Empowering learning by leading collaborative seminars in partnership with students

Who was involved in your partnership work, and how did everyone become involved?   

All students and lecturers on the MSt Theology and MPhil Theology are involved as part of their enrolment in the course and teaching hours.   

What did you set out to achieve in your student-staff partnership work?   

Our goal was (and continues to be) to work in partnership with students to run seminar sessions in a way that gives students ownership over their learning.   

When and where did you work together? 

We worked together during our regular teaching hours and on our own as part of our normal expected engagement on the course. 

How did you work in partnership?   

Every week, we try to put the onus on students to own their learning experience through the way we ask them to prepare for our seminars. For example, we may ask students to: 

  • bring a collection of excerpts from a reading list that piqued their interest for us to discuss in the seminar; 

  • upload an essay outline to Canvas, based on possible prompts and a set of readings, for us to workshop via peer feedback in the seminar; or 

  • find YouTube videos of current scholars discussing their work to add to our course Canvas site for all of us to watch and discuss.

By engaging with these assignments, our students actively co-create their seminar experience and the focus of our discussions. For example, working with students to co-create the videos on our Canvas site has enabled us to collectively confront the diversity of the scholars we engage with in our course and engage with an increasingly diverse, student-led curriculum.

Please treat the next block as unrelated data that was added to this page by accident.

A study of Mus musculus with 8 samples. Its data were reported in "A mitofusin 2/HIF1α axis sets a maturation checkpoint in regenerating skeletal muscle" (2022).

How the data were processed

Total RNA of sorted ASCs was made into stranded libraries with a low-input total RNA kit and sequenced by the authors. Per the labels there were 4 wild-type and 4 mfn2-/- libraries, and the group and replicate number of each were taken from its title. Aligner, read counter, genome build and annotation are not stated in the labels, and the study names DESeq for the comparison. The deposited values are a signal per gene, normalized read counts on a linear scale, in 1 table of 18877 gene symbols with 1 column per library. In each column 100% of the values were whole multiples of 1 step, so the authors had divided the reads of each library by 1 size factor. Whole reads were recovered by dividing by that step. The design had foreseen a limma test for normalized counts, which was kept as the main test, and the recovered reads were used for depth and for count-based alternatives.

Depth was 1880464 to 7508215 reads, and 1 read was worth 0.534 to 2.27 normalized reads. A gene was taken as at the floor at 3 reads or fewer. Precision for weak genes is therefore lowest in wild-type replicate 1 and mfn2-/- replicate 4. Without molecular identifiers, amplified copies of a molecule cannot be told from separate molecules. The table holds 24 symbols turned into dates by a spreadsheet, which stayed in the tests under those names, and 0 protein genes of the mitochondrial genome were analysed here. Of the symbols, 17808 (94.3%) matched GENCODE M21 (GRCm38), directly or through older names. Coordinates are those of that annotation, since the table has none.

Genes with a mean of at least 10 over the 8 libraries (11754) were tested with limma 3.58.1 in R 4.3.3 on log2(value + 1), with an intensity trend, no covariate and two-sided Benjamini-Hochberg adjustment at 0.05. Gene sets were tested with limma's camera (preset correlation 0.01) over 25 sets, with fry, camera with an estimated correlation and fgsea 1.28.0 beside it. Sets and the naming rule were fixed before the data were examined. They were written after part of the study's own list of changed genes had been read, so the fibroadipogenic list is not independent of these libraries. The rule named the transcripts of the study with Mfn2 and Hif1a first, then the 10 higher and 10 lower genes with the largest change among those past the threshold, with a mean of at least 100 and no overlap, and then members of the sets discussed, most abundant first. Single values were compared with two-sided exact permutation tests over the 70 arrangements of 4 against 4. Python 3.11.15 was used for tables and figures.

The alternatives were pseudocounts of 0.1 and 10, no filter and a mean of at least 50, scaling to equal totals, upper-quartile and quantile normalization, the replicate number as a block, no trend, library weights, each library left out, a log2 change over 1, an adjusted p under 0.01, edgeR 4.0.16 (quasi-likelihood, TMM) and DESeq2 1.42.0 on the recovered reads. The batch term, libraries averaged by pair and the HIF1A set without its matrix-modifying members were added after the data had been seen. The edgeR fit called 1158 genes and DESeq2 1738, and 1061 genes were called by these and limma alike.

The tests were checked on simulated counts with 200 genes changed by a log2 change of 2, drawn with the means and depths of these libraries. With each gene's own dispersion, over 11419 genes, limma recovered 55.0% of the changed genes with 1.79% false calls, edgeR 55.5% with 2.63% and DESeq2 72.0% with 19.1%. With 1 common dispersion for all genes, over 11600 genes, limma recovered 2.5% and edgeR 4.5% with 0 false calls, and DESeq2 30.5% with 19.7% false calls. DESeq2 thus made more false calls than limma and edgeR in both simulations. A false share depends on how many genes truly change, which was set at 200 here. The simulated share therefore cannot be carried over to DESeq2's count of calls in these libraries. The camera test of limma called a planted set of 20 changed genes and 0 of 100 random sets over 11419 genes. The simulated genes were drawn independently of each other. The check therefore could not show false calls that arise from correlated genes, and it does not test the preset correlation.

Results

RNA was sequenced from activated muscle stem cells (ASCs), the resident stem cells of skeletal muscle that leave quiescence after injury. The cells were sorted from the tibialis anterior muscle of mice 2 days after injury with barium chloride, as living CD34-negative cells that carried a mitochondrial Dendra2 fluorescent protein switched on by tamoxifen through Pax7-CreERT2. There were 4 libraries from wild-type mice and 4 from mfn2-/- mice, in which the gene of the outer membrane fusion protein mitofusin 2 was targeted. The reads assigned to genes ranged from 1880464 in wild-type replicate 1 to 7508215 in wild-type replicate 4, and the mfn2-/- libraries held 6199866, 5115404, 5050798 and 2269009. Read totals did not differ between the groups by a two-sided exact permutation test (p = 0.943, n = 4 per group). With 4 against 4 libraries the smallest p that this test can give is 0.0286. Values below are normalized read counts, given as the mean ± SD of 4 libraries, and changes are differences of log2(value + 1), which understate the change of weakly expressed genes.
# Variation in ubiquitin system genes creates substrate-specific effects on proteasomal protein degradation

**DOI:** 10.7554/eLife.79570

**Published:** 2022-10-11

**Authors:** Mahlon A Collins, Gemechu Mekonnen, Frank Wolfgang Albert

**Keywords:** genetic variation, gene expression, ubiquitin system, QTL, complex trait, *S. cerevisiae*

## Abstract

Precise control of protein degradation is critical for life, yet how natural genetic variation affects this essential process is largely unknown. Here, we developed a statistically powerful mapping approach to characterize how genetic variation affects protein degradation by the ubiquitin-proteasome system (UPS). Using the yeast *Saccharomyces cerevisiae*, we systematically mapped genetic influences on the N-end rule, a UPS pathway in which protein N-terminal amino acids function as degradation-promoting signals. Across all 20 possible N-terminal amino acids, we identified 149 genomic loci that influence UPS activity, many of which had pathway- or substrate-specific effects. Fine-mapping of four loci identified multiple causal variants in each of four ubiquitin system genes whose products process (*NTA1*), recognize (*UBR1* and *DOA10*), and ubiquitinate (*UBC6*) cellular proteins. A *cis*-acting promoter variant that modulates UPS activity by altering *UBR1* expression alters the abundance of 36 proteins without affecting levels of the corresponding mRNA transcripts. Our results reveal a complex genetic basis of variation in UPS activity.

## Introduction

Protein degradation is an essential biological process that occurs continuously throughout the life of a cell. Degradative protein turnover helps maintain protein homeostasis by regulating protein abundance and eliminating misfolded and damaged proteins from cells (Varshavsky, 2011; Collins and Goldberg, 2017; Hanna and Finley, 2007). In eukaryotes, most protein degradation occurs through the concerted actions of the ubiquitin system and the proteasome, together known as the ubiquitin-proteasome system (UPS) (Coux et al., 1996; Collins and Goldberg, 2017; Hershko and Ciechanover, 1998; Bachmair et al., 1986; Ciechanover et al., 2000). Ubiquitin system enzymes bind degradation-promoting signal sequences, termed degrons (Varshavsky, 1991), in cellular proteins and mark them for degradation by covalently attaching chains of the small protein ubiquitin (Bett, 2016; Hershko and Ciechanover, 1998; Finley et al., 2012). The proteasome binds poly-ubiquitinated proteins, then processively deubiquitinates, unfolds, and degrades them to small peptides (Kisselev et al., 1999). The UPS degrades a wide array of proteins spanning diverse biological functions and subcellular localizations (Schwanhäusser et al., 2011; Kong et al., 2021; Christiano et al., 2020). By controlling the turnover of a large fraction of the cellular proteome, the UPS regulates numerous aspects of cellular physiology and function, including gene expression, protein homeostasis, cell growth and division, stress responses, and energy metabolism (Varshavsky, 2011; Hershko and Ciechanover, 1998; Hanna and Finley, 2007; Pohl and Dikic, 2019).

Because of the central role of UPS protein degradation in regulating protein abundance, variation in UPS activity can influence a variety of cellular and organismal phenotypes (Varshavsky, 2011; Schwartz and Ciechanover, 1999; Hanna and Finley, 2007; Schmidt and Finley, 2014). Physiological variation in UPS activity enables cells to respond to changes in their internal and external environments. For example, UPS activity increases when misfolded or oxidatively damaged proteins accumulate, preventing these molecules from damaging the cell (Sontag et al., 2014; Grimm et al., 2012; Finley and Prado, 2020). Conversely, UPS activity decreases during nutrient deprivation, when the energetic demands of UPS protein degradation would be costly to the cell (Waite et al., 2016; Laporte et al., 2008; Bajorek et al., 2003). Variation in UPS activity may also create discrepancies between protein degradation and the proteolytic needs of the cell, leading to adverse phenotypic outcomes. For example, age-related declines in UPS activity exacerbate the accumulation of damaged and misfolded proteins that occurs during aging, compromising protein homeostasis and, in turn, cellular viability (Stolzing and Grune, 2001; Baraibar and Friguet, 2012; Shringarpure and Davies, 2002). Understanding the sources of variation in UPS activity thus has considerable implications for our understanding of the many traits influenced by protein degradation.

What did you learn from working in partnership? 

By taking this approach to our seminars, I have learned that co-creation can cultivate a supportive learning environment where students feel valued, included and empowered to actively participate in their educational journey. Involving students in this way has also been a much more productive way of enhancing students’ teaching and learning than anything I could do on my own, especially in my efforts to make the course more inclusive and accessible.  

In this approach, there is the potential for seminar discussions to drift off topic or into rabbit holes due to their student-driven nature. However, we have found that by scaffolding the discussions with directive prompts and stepping in to direct seminar discussions back to the assignment when needed, staff can combine our subject knowledge with students’ knowledge of their own interests and future goals to co-create the seminars’ learning directions in line with course learning objectives. The student-led nature of this approach also enables us to learn about what students are interested in and design assessments that reflect these interests, furthering the course’s inclusive, student-centred practices. 

What advice would you give to other students and staff who may wish to take a similar student-staff partnership approach? 

My advice to fellow tutors would be to prioritise student-centred learning and recognise that students have a lot to teach staff as well as the other way around. By embracing partnership with students, we can create more inclusive, dynamic, and personalised learning environments.